Why Invest in Automation?
Though often considered expensive, there are many benefits automation can bring to your industrial finishing operation that far outweigh the costs. The five primary reasons that dominate conversations in factories today about automation are: reduce cost, improve quality, reduce waste, improve flexibility, and reduce labor costs.
- Cost. Automation and robotic technology is not as expensive as you think, and is decreasing every year. The initial price might still seem hefty, but automating a manufacturing process will increase output while reducing costs and continue to provide benefits for years to come (trust me, keep reading).
- Quality. To stay competitive, manufacturers can’t afford to have variation in product quality, especially when it comes to painting. Robots can ensure that the spray gun parameters and spraying motion is exactly the same each time, which increases quality. Even the most skilled painters can’t ensure that type of consistency and precision for each part. Better consistency means less wasted material (which brings us to the next point).
- Reduce Waste. Automation can reduce material consumption by up to 30%, thanks to the accuracy of robots. Add a plural component proportioner like Graco’s ProMix PD2K, which mixes material close to the gun, and reduce waste even more. Still not enough? Add electrostatic spray guns to the mix and boost your transfer efficiency (which eliminates even more material waste)!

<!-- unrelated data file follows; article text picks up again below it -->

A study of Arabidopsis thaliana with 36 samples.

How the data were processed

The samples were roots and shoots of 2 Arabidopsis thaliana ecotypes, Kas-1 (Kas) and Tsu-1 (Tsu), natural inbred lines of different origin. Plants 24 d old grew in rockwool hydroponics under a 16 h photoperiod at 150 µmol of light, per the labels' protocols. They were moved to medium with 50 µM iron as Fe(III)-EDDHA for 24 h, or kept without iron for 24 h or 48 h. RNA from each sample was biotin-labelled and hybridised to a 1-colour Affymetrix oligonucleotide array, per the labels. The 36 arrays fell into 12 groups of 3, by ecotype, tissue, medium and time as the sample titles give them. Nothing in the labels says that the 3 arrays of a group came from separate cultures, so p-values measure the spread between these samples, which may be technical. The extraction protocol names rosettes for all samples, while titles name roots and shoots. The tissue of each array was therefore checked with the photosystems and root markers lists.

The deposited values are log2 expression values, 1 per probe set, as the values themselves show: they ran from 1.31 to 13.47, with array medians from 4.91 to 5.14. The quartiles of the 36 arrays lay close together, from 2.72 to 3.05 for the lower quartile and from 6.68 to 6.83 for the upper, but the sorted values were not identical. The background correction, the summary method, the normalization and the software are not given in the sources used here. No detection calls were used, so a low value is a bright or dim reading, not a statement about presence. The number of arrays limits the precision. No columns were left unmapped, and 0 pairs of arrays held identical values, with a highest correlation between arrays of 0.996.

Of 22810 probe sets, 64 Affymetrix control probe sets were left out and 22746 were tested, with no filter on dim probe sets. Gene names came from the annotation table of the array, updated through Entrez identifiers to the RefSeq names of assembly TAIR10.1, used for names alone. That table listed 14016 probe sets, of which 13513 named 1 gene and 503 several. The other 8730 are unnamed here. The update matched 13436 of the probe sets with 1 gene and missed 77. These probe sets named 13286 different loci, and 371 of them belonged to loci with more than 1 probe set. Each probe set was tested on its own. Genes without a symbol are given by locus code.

- Flexibility. Robots can easily be reprogrammed to do new jobs. Why create a new fixture when a robot can make adjustments on the fly. This flexibility not only saves time during change-overs, it also saves money. Automation also provides flexibility to change materials and colors more frequently, allowing you to simplify your production planning.
- Labor. Robots don’t punch out when the whistle blows and they don’t care if they have to work 24/7. In fact, they can do the work of three employees (3 shifts at 8 hours per day). For this reason, labor and overhead are usually the largest drivers of savings. But robots benefit the workforce in other ways, like doing repetitive (not to mention boring) tasks, which reduces on-the-job injuries and job dissatisfaction. Robots can also remove our most valued asset (our people) from dangerous jobs, allowing them to focus on skilled labor jobs that require decision-making and judgment (something robots don’t do as well).
There’s no doubt that automation can save manufacturers money far exceeding the implementation costs. Companies that don’t think they can afford robot automation should look again.